Nobody doubted that IoT security was a disaster when, well, disaster struck — the Mirai botnet took down swaths of the internet through a fairly simple, preventable attack.
“Sometime during 2017 we should anticipate the release of an automatically propagating IoT worm that installs a small, persistent malicious payload that not only continues to infect and propagate amongst other vulnerable IoT devices, but automatically changes all the passwords necessary to remotely manage the device itself,” said Gunter Ollman, CSO at Vectra Networks. “The owners of the now locked-out devices will be forced to pay a ransom to the mastermind behind the worm in order to learn the new password, thereby taking the ransomware threat to the next level. To prevent this worm — and future versions – device owners will not only have to preemptively change default passwords of the devices, but also manage the patch level of the kernel software on the device to prevent exploitation of new vulnerabilities.”
Rick Howard, CSO at Palo Alto Networks, noted that while security researchers have been sounding the alarm for years, we need to make sure we’re not missing the bigger picture.
“The thing is, the network defender community as a whole already knows how to prevent about 99% of playbooks that exist on the internet — including the 2016 DDoS attacks,” Howard said. “We have not been diligent as a community to deploy those prevention controls across the entire community. Therefore, in 2017, in an effort to stop future large scale attacks leveraging IoT devices, we’ll see the network defender community begin deploying these controls for better prevention.”
However, beyond the tried-and-true security basics such as encryption and strong authentication, Ryan Lester, director of IoT strategy at LogMeIn, says the IoT security problem needs a new solution.
“IoT brings with it a whole new set of security challenges that can’t be solved by retrofitting current security solutions and following the same old rules,” Lester said. “Companies must think thoroughly about how to manage one-to-many relationships, which is an outlier in today’s more frequent 1:1 device relationship.”
Matt Rodgers, head of security strategy at E8 Security, agreed, adding that traditional tools simply won’t be effective in the connected world.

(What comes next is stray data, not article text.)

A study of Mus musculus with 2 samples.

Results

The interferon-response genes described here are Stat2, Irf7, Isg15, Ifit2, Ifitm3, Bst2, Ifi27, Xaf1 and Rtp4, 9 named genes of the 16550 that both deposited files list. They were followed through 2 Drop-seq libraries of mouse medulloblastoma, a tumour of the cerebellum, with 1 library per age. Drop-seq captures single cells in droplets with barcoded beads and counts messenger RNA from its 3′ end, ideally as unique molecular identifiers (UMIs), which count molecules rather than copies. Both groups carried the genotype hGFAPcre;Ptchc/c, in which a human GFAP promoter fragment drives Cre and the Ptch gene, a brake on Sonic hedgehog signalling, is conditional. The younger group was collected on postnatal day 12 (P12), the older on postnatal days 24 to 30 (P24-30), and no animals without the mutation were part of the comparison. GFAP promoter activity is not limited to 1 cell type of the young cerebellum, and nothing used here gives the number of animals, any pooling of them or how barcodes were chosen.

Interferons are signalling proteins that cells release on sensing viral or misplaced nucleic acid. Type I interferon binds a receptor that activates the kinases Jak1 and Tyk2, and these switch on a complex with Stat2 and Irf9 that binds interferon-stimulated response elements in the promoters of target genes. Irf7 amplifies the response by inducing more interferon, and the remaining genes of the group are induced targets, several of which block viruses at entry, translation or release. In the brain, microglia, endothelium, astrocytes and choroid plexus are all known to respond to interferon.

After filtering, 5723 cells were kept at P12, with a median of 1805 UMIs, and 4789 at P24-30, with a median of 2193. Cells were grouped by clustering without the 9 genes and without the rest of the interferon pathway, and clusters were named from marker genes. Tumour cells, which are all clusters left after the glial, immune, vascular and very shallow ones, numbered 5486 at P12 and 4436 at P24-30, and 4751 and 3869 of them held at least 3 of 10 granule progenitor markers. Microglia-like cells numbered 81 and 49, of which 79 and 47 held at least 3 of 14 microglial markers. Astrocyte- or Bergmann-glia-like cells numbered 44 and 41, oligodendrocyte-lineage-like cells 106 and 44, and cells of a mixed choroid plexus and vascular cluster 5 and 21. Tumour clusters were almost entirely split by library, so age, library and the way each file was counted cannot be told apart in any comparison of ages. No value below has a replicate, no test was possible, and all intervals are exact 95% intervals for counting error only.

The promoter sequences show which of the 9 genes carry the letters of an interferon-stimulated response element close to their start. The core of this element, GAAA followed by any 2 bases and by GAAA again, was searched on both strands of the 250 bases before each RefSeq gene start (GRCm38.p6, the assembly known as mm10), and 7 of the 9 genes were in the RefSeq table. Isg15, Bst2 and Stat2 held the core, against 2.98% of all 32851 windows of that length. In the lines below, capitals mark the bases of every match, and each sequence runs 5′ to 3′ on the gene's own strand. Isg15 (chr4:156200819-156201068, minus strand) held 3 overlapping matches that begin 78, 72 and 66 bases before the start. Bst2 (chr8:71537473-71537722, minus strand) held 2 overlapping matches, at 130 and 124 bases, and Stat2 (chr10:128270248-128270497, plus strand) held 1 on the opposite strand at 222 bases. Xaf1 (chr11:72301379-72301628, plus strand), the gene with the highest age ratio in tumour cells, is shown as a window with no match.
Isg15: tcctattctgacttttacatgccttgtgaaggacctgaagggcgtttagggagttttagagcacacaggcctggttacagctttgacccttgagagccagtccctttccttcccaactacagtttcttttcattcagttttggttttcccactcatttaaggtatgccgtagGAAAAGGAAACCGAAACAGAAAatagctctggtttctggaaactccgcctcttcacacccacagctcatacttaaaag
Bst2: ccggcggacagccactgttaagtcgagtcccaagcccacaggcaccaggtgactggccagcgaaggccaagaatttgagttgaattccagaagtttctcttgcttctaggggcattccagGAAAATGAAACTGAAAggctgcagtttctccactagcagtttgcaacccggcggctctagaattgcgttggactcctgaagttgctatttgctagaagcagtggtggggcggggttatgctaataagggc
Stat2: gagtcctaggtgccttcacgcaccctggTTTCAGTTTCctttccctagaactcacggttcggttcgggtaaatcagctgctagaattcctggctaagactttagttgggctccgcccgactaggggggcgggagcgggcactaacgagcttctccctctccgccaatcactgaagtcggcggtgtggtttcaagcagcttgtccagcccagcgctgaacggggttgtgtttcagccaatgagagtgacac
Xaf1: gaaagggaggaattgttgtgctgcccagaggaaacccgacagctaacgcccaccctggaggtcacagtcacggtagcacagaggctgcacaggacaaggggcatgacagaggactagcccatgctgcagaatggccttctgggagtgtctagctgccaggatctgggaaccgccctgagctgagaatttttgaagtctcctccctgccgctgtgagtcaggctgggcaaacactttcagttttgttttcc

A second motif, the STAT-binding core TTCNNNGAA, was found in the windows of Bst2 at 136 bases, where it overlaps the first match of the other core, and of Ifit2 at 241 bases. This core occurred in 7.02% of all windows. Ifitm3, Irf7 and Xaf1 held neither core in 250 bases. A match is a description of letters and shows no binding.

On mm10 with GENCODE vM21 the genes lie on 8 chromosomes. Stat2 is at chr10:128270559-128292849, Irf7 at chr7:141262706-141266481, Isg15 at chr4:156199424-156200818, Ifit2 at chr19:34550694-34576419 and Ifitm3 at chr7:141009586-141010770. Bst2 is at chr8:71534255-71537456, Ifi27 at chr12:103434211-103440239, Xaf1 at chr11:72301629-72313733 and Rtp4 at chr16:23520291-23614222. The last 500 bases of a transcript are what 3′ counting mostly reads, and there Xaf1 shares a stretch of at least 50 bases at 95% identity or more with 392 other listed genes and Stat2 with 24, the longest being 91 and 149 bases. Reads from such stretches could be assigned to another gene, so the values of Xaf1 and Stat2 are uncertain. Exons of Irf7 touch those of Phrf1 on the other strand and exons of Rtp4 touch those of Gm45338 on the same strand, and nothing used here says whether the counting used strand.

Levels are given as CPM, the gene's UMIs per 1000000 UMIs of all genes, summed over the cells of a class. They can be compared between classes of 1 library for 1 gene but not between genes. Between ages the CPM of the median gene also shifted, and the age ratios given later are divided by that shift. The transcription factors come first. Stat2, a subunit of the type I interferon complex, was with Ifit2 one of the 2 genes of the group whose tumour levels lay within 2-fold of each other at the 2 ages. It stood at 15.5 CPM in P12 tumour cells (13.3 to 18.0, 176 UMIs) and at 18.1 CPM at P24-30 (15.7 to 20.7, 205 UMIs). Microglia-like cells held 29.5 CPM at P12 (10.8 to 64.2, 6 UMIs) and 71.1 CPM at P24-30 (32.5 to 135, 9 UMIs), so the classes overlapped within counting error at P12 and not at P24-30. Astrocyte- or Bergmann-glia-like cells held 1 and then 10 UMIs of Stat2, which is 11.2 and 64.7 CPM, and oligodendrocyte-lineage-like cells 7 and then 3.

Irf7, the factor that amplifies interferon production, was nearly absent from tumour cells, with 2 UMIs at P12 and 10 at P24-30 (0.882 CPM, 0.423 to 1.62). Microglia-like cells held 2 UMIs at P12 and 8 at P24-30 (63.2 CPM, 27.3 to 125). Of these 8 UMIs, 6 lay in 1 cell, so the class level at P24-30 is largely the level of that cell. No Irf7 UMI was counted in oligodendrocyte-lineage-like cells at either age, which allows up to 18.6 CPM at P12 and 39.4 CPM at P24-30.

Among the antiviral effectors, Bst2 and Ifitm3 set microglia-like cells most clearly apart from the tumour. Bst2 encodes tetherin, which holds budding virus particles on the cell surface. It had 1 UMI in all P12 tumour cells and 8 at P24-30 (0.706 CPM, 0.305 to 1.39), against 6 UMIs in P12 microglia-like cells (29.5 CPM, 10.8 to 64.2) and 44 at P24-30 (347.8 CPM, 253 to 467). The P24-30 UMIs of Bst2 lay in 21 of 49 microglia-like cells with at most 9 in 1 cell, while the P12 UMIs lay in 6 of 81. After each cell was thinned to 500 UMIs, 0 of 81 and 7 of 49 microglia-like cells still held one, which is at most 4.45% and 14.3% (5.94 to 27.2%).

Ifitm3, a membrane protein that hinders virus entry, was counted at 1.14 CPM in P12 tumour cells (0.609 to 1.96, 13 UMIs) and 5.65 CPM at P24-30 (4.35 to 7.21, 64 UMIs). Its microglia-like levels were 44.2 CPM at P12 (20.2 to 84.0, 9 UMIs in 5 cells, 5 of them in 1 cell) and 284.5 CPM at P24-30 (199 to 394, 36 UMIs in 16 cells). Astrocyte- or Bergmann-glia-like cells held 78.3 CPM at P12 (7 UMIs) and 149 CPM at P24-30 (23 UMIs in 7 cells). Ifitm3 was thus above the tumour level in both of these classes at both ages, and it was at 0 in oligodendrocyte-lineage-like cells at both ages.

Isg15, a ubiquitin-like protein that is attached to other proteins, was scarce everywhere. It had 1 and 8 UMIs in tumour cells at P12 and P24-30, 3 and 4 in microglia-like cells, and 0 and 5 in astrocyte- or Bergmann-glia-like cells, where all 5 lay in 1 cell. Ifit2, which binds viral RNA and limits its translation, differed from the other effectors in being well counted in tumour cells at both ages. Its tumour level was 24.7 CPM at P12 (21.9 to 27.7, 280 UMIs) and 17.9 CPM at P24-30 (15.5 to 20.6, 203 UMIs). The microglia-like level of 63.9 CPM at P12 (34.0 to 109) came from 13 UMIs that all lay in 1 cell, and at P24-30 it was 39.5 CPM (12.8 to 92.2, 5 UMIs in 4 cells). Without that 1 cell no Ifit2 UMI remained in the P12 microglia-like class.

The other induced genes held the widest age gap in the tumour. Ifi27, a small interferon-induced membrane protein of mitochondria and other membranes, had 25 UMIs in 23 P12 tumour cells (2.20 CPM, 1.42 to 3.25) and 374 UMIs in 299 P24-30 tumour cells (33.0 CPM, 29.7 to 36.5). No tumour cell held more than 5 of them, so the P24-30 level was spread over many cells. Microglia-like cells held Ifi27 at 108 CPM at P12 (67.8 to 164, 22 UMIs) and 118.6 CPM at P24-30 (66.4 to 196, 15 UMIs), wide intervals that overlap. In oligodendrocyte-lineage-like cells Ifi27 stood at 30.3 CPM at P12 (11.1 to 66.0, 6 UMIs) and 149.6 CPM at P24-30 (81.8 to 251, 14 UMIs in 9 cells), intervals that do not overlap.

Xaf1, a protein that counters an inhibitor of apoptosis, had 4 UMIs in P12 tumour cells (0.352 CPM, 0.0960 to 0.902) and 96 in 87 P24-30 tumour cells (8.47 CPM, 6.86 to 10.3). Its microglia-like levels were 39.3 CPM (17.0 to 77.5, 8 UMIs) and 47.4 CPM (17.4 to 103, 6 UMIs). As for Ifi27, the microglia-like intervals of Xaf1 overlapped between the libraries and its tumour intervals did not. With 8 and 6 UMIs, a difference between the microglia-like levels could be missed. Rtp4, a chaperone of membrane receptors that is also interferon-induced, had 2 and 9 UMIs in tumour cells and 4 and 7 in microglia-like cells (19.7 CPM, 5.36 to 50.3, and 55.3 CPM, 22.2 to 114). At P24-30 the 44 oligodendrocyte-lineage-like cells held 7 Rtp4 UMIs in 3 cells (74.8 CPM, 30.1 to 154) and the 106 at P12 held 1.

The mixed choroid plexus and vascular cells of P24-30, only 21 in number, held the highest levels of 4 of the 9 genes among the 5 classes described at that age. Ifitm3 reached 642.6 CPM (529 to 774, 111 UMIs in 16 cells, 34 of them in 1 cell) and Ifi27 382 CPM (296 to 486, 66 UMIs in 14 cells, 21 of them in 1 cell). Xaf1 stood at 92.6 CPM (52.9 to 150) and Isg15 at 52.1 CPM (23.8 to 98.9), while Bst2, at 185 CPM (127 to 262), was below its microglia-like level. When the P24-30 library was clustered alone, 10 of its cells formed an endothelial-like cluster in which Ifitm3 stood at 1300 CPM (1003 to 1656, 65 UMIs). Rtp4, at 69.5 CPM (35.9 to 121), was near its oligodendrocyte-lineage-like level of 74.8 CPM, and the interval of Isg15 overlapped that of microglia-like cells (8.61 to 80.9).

“In 2017, monitoring an IoT environment with traditional tools will no longer be an option, both cost-wise and technically for the IoT owner,” Rodgers said. “With so many devices doing so many things, an attacker will have a very large surface area to find and exfiltrate personally identifiable information, which will increase the quantity of attacks and further reduce the potential cost of each attack for the attacker.”
Geoff Webb, vice president of strategy at Micro Focus, said that Mirai was potentially just the beginning — things could be a whole lot worse next time around, and it’s time for regulations to come up to snuff.
“With the number of IoT devices expected to reach into the billions, the potential scale of a well-coordinated IoT attack could be used to present a very real threat to the critical infrastructure of this country, online banking, emergency services, and commerce in general,” Webb said. “We should expect IoT security to quickly become part of the national security agenda, and to see governments starting to evaluate the role of legislation and safety standards for internet connected devices.”
Jeannie Warner, security strategist at WhiteHat Security, agreed, “I’m expecting/hoping to see a shift from the term ‘security’ to ‘safety’ as well as an increase in legislation mandating increased rigor of IoT security testing. I think that NIST’s SP 800 or a similar body will form guidelines for a comprehensive security assurance through the integration of dynamic application scanning technology and rigorous device controls testing. New guidelines will ideally force more application security vendors to partner with device control testing labs to support manufacturing earlier in the development process, helping the innovative organization manage risk by identifying vulnerabilities early in development, continue to monitor challenges during testing, and help release more secure product.”